Closing the Loop

closing the loop

It’s kind of funny how life goes. When I was an undergrad student I didn’t have a clue what I wanted to study let alone what I wanted to do with my life. My degree in Social Sciences didn’t get me very far in my home town of Buffalo, NY. After college, I resumed the same jobs that I had during my summer breaks – working for the Parks Department and as a waiter at The Crouching Lion. I pursued other jobs to no avail. It wasn’t until I answered a misleading ad in the paper, that it hit me. I was trapped. I needed to find a way out.


My escape began when I passed the Civil Service test which is how you got hired to work for the Federal Government in those days. They offered me a training slot to work for Social Security – in Austin Texas. I jumped at the chance. Two years after graduating from college, I found my way out.

After finishing the Social Security Claims Representative training, I was assigned to an office in Houston. It felt great to be on my own and earning a decent living. I liked my co-workers but one  kind of bugged me. His name was Solly and he reminds me of the Dilbert character Wally.  Solly hated his job and his life. Whenever we talked he always urged me to find a different job. But I was happy so I just wrote Solly off as a malcontent. However things changed when I was passed over for an opportunity to join the Social Security management track. Suddenly my future was unclear. I was being left behind and I certainly didn’t want to end up like Solly. I thought about escaping – again.

Escape Version 2

In many cases, opportunities arise when you least expect them. That’s what happened to me. I met a friend of one of my co-workers at a happy hour. We got to talking and I learned that he worked for an oil company downtown and that he had an MBA from the University of Houston (UH). I expressed interest so he offered to give me some material about the UH MBA program. All I had to do was stop by his office to pick them up. I remember thinking when I stepped into his office that I had entered a different world. And I liked it. So when I got home, I decided that I wanted be part of that world too. I knew that my ticket to enter was an MBA.

As I alluded to at the outset, my undergrad career was undistinguished to say the least. I won’t get into the reasons why. I accept responsibility for how things (didn’t) worked out. So when I applied to UH I was offered conditional acceptance, not full acceptance. UH required that I take four courses and maintain at least a B (3.0) average before admitting me. Fortunately by that time I was a different person – more mature, motivated and focused. I was determined not to blow this chance at redemption. I took the four required courses and was admitted full-time.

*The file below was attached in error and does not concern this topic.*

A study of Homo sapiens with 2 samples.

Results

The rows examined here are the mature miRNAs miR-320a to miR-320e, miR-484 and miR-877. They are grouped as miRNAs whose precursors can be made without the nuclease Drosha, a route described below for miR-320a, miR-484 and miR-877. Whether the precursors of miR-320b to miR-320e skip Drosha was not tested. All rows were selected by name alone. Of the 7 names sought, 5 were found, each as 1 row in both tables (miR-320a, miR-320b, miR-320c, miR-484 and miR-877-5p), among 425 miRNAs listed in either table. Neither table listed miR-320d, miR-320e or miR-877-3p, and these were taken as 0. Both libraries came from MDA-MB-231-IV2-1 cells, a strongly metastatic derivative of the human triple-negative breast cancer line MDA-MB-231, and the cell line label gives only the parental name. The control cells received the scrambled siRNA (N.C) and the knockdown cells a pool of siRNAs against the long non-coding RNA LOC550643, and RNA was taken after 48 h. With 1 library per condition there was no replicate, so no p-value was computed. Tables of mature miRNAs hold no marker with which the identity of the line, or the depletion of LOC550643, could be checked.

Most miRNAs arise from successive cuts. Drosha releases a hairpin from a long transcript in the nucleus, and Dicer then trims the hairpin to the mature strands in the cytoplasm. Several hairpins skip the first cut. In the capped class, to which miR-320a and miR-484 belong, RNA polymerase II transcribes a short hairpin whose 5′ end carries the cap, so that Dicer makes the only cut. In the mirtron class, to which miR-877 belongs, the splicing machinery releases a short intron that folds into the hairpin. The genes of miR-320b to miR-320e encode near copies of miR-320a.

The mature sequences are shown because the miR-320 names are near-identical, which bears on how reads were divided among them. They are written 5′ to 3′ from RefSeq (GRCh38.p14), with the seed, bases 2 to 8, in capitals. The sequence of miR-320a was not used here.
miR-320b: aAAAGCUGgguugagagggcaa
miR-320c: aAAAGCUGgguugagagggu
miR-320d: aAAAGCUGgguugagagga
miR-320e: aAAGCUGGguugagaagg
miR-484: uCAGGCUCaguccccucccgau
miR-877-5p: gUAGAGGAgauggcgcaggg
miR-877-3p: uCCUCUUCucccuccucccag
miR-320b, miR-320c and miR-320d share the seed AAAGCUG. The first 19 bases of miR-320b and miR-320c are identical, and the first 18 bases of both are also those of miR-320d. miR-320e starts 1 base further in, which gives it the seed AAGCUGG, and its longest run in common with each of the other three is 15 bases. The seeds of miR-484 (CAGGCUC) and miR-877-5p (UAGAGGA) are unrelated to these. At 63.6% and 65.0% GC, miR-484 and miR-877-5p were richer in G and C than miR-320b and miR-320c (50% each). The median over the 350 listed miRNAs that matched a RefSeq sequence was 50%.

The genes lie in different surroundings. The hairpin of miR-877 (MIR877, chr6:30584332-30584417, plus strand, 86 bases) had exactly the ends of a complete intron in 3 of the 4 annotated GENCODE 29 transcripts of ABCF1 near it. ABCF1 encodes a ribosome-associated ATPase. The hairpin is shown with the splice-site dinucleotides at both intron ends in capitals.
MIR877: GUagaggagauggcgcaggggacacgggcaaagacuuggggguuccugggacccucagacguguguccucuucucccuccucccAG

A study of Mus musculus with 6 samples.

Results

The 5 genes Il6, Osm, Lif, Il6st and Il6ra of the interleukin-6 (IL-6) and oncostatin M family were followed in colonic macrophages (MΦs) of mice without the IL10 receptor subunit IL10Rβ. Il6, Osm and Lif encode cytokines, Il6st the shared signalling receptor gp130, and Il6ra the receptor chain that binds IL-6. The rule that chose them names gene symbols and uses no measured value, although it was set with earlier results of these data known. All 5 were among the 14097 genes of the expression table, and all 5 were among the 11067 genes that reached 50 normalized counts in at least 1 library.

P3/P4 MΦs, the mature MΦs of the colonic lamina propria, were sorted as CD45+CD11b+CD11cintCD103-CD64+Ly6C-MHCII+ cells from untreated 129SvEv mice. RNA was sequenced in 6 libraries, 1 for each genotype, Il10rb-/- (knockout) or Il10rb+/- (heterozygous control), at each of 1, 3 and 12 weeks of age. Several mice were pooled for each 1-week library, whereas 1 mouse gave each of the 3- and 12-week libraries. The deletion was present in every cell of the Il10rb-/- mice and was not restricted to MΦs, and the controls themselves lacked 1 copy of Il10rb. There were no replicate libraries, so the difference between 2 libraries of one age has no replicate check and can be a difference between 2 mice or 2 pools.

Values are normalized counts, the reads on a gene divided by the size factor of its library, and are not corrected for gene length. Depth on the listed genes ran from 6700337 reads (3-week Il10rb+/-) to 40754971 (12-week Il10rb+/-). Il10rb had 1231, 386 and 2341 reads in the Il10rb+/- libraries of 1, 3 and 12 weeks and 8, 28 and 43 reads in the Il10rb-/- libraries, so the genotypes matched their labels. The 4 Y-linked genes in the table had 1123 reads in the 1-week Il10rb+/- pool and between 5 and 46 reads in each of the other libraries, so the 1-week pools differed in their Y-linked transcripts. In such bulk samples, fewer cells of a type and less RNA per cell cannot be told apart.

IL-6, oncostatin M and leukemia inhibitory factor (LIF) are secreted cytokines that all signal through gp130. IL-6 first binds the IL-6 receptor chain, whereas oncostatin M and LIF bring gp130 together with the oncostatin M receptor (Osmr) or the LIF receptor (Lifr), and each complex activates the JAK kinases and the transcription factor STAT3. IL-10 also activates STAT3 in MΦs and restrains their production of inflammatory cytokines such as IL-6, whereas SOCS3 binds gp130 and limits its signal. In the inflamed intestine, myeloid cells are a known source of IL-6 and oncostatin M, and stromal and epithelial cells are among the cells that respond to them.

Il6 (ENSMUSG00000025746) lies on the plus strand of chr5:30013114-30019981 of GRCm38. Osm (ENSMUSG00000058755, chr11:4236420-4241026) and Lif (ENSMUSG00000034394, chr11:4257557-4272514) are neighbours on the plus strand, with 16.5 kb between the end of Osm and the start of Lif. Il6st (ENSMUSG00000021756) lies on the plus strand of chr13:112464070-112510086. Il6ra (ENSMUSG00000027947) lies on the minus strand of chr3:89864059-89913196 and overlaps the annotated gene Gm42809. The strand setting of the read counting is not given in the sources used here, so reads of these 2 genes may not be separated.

I chose finance as my major and enjoyed every one of my classes. I minored in accounting and liked most of those classes (I hated something called cost accounting).  After graduation, UH’s career services helped me get recruited by IBM to work in Tucson, AZ. As you can imagine, I am forever indebted to UH for giving me the opportunity to start over again. Fortunately I never felt the need to escape again.

Twitter and FinCon

Fast forward to November 2017 which is when I joined Twitter based on the recommendation of one of my podcast guests – Fritz Gilbert of The Retirement Manifesto. I wasn’t sure where Twitter would take me but one place it did was to the FIRE (Financial Independence Retire Early) community. Over time I have found the people in the FIRE community to be friendly, intelligent and mutually supportive. They share lots of great information and stories about the road to FI

Earlier this year one of my favorite Twitter followers kind of leaned on me to attend FinCon 2019 in September but I wasn’t sure it was worth the time and cost to travel all the way from Arizona to Washington DC. But instead of flat-out rejecting the idea, I looked deeper into FinCon. I discovered that it’s a huge gathering (2,500) of people like me – finance nerds and introverts (or introverts pretending to be extroverts). There are parties, motivational speeches, a business expo and lots of learning sessions. I talked it over with my wife and we both decided to go. We had an amazing time. It was wonderful to be among like-minded people regardless of age, career, gender and race. Though it’s true that the FIRE movement was popularized by millennials, FIRE includes many Gen Xers and Baby Boomers (who I refer to as Late2FIRE).


Ever since my first podcast, Retirement Journeys (and now Retire Hoppy), I’ve taken time in the summer to think about ways to improve the show for the fall season. This summer I came up with some ideas which I ran past my creative consultant (Claire) but she didn’t like them. Then I thought, why not create a new show? How about a show based on FIRE? It would check a lot of desirable boxes: education, finance and early retirement. Plus there’s a large target audience with built-in interest. Claire liked the concept so much that she agreed to join the podcast team! And that is how our new show FIREwalkers was born. To learn more about FIREwalkers and to  listen to our first podcast go here. (FYI, our new FIREwalkers website will launch in October.)

Closing the Loop

Over the course of my career I worked in many areas: manufacturing, customer service, logistics, IT and project management. But I never once worked in a finance department. Now that I blog and podcast about finance I feel I’m picking up where I left off from grad school – finally. I’m excited to share our experience, stories and resources with anyone who wants to improve their financial literacy and achieve FI. And like many in the FIRE community, by doing so, I hope to pay it forward.